As presented in last week’s NDSU Crop & Pest Report, a companion crop of oat, barley helps reduce IDC severity in soybean when seeded about the same time.

As presented in last week’s NDSU Crop & Pest Report, a companion crop of oat, barley helps reduce IDC severity in soybean when seeded about the same time. It may also be possible to use cereal rye or winter wheat (or a mixture) planted this summer, and allowed the cereal to grow in early spring as a companion crop option to reduce soil moisture and soil nitrate. The rye or winter wheat could be planted anytime between now and the middle of October, with the seeding rate increasing as it moves further into fall. The rye or winter wheat should be terminated early if spring conditions turn dry, or allowed to grow a little more if conditions are wet. Winter rye or winter wheat would not head out if seeded soon or into September and it could be seeded with another annual cover crop if seeding was late enough so that it would not head out prior to freeze-up.

The optimum period for seeding winter cereals for winter survival and early spring regrowth is the first two weeks of September. Earlier planted winter cereals may be grazed when conditions for establishment and growth are favorable. Late seed winter cereals will vernalize even if they do not visibly establish as long as the seeds imbibe water and have sprouted before soil temperatures are too cold for growth. Nevertheless, spring development when planted late (or when conditions are not favorable for germination and establishment) will be slower from these sprouts/seedlings than from seedlings that have several leaves prior to freeze up.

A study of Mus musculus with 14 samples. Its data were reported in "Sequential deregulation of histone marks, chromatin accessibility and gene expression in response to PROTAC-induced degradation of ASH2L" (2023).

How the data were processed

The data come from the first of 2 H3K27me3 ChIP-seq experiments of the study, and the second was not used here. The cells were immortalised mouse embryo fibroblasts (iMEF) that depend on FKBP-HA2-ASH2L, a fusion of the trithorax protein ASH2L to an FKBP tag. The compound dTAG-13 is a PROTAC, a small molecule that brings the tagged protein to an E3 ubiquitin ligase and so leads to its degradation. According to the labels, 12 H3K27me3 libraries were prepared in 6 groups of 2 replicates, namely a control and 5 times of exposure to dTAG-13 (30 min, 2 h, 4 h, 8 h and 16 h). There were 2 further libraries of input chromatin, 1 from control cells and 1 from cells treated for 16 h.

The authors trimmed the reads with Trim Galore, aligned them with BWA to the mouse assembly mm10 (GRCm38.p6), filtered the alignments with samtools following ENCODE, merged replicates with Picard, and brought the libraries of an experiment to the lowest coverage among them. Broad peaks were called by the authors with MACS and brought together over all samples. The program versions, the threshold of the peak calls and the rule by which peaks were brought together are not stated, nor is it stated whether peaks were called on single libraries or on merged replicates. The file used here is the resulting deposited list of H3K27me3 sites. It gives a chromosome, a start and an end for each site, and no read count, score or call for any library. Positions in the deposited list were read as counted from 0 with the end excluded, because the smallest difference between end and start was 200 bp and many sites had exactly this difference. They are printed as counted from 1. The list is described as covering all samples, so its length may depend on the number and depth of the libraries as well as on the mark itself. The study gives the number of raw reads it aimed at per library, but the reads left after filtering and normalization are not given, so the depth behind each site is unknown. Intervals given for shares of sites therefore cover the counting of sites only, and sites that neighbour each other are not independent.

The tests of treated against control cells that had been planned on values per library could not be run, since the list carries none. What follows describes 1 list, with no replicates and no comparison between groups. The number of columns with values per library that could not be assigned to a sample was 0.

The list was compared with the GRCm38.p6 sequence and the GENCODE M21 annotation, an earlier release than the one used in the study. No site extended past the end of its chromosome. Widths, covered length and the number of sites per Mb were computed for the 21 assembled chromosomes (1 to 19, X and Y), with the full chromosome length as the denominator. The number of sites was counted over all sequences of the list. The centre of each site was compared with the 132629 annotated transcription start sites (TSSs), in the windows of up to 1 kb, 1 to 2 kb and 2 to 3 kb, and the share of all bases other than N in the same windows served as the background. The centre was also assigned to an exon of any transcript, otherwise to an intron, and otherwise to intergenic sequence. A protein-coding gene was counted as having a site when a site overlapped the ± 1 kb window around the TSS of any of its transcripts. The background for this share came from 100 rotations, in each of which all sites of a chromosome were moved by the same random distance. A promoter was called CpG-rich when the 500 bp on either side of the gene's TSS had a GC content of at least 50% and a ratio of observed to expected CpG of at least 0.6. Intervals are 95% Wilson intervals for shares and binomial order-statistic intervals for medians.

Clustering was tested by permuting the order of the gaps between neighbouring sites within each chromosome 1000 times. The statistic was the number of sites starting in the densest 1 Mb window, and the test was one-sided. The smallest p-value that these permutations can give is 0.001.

When choosing to use winter wheat if spring wheat is planned for a field nearby the following spring, delay winter wheat planting until mid-September and only after breaking the green bridge, as winter wheat can serve a source of wheat streak mosaic virus. Rye is a poor host of the wheat curl mite (the vector of the wheat streak mosaic virus) and may be a better choice in these situations.

 

Dave Franzen

Extension Soil Specialist

701-799-2565

 

With input from

Dr. Joel Ransom

Dr. Hans Kandel

Dr. Abbey Wick

This site is supported in part by the Crop Protection and Pest Management Program [grant no. 2017-70006-27144/accession 1013592] from the USDA National Institute of Food and Agriculture. Any opinions, findings, conclusions, or recommendations expressed are those of the website author(s) and do not necessarily reflect the view of the U.S. Department of Agriculture.